I was raised in a family where we “didn’t see race.” This was the world of “colorblind” conservatism. I believed we lived in a post-racial world where everyone was equal and it was the quality of your character that mattered, not the color of your skin. And then I grew up, and I realized that the era of racial equality I thought I had been living in was a fairytale—a myth.
We are at this moment in the wake of George Zimmerman’s acquittal in the murder of Trayvon Martin. A friend of mine recently told me about how an African American law professor of hers once told her about giving his son the “how not to get killed” speech. She told me that he told his son that he might have constitutional rights, but those rights didn’t matter jack shit if he was dead. My son is white, and because of that my son being a victim of potentially deadly racial profiling is something I don’t have to worry about—something I have never had to think about. I have privilege.
This week Lisa Wade of Sociological Images has been doing some amazing blogging on race, the criminal justice system, and America. Let me offer some links and some excerpts, because I think you will find it interesting as well.
In 2002, a study by Joshua Correll and colleagues, called The Police Officer’s Dilemma, was published. In the study, researchers reported that they presented photos of black and white men holding either a gun or a non-threatening object (like a wallet) in a video game style setting. Participants were asked to make a rapid decision to “shoot” or “don’t shoot” each of the men based on whether the target was armed.
They found that people hesitated longer to shoot an armed white target (and they were more likely to accidentally not shoot). Participants were quicker and more accurate with black armed targets but there were more “false alarms” (shooting them when they were unarmed). These effects were present even though participants did not hold any explicit discriminatory views and wanted to treat all targets fairly.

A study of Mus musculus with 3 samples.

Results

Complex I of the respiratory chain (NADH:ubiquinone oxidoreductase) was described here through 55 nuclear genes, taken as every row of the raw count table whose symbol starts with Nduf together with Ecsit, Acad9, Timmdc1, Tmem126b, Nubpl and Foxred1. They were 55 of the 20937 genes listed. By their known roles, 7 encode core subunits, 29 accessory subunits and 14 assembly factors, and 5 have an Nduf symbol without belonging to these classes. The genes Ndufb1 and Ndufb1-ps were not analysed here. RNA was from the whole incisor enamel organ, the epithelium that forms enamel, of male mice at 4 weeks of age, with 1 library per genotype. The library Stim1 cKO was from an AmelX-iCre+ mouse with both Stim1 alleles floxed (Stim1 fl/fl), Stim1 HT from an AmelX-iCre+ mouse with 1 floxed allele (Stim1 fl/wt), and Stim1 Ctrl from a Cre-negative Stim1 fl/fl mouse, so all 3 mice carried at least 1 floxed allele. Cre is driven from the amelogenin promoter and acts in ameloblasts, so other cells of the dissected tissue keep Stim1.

The effect we see here is a subconscious but measurable preference to give white men the benefit of the doubt in these ambiguous situations. Decision times can vary by a fraction of a second, but that fraction can mean life or death for the person on the other end of the gun.
At MetroTrends, John Roman and Mitchell Downey report their analysis of 4,650 FBI records of homicides in which a person killed a stranger with a handgun. They conclude that stand your ground “tilts the odds in favor of the shooter.” In SYG states, 13.6% of homicides were ruled justifiable; in non-SYG states, only 7.2% were deemed such. This is strong evidence that rulings of justifiable homicide are more likely under stand your ground.
But which homicides?
Ones similar to the one decided in favor of George Zimmerman today. A finding of “justifiable homicide” is much more common in the case of a white-on-black killing than any other kind including a white and a black person. At PBS’s request, Roman compared the likelihood of a favorable finding for the defendant in SYG and non SYG cases, consider the races of the people involved. The data is clear, compared to white-on-white crimes, stand your ground increases the likelihood of a not-guilty finding, but only when a person is accused of killing a black person.
Notice, however, that white people who kill black people are far more likely to be found not-guilty even in states without SYG and black people who kill whites are less likely to be found not-guilty regardless of state law.
It’s simple: We are already biased in favor of the white defendant and against the black victim. Stand your ground laws give jurors more leeway to give defendants the benefit of the doubt. This increase even further the chances that a white-on-black homicide will be considered justifiable because jurors will likely give that benefit of the doubt to certain kinds of defendants and not others. Stand your ground may or may not be a good law in theory but, in practice, it increases racial bias in legal outcomes.
These next two aren’t directly applicable to the George Zimmerman case, but they are still relevant more generally to the issue of race in our criminal justice system. Post racial nation? Think again.
There is much to be worried about when one considers the role racial discrimination plays in delivering the death penalty. Scholars are newly looking to the way that the race of homicide victims, instead of the defendants, shape outcomes. It turns out a disproportionate number of people who are executed under the death penalty have been convicted of murdering a white person (Amnesty International):
“[H]olding all other factors constant,” Amnesty International summarizes, “the single most reliable predictor of whether someone will be sentenced to death is the race of the victim.”
In analysis of Presidential pardons during the George W. Bush administration, ProPublica has found that whites were four times as likely as non-whites to be granted a pardon. Pardons were granted to 12% of whites, 10% of Hispanics and Asians, and zero percent of Blacks and Native Americans. The disparity remained even when investigators controlled for type of crime.